Connecticut Attorney General Richard Blumenthal is urging the Federal Reserve to reverse credit-card interest rates and fees to year-ago levels as banks have hiked them amid new federal rules and surging credit costs.

He said the American Bankers Association, the largest U.S. banking group, admitted in a letter to his office that big banks are imposing enormous increases on low-risk consumers to recoup huge, self-inflicted losses.

In a letter Monday to Federal Reserve Chairman Ben Bernanke, Blumenthal urged the Fed to use rule-making authority under the Credit Card Act of 2009 to roll back the interest rates and fees to January 2009 levels. "The banks are compelling creditworthy consumers to rescue them twice--once through taxpayer-funded bailouts and a second time through exorbitant credit card interest rates and fees," he said.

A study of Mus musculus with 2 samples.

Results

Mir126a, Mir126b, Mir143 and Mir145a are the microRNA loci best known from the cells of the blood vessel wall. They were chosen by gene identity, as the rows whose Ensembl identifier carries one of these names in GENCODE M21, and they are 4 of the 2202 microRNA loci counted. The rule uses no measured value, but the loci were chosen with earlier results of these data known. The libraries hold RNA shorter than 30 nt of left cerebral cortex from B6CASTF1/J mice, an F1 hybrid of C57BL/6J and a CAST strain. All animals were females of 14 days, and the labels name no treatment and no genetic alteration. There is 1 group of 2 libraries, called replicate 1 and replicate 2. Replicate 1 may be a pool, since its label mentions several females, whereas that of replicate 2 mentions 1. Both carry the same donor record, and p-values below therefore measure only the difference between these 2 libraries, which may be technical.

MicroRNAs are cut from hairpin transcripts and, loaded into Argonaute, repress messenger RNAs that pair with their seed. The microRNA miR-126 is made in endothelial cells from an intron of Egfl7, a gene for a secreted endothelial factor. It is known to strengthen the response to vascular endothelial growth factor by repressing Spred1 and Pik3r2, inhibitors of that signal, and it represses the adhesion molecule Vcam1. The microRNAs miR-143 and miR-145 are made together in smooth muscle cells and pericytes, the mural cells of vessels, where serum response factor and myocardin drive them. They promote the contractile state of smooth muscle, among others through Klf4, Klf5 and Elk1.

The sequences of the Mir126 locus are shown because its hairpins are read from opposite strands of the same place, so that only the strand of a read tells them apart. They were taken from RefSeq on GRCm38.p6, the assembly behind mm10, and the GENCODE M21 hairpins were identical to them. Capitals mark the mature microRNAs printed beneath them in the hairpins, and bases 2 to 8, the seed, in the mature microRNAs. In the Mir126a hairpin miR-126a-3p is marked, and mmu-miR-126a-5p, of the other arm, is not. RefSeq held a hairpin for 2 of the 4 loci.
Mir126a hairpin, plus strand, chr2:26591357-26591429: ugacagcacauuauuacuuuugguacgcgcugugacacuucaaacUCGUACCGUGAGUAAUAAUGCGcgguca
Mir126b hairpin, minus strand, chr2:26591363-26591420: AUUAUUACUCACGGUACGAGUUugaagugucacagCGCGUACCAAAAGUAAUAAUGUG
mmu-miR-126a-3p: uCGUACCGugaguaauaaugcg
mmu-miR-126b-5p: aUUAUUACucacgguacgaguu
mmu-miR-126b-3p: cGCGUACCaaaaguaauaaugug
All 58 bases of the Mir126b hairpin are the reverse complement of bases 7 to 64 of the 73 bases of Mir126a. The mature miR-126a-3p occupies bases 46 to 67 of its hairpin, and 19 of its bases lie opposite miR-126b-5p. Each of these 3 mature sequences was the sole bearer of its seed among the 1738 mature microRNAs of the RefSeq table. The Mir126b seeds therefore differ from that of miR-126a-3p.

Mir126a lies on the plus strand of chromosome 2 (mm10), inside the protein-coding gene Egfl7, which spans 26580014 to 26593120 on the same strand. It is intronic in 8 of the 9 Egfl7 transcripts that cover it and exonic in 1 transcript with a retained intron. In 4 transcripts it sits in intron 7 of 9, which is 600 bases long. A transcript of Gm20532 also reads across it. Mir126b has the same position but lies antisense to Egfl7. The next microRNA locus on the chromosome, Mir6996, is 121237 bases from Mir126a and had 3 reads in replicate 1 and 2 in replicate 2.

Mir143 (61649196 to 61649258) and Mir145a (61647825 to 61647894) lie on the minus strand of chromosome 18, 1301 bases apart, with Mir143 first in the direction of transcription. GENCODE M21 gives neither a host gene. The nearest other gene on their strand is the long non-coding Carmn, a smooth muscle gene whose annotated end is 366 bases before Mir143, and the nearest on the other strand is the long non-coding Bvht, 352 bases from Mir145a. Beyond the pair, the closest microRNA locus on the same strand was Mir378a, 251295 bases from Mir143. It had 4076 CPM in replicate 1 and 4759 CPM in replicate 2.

The new law, which restricts credit card companies' right to raise rates on existing balances and imposes other curbs, was passed in May and goes into effect Feb. 22. Some of the biggest U.S. credit-card issuers have increased card fees and interest rates on existing balances to as high as 30%, even for consumers with spotless credit.

The law is expected to wipe out more than $50 billion in annual revenue for banks by limiting certain business practices. For example, the rules will limit some interest-rate increases, require more disclosure to customers and prohibit banks from raising interest rates on current balances unless a customer is at least 60 days behind in a payment.

The changes come against a backdrop of anger at the nation's banks because they were supported by hundreds of billions of public bailout dollars in late 2008 and 2009.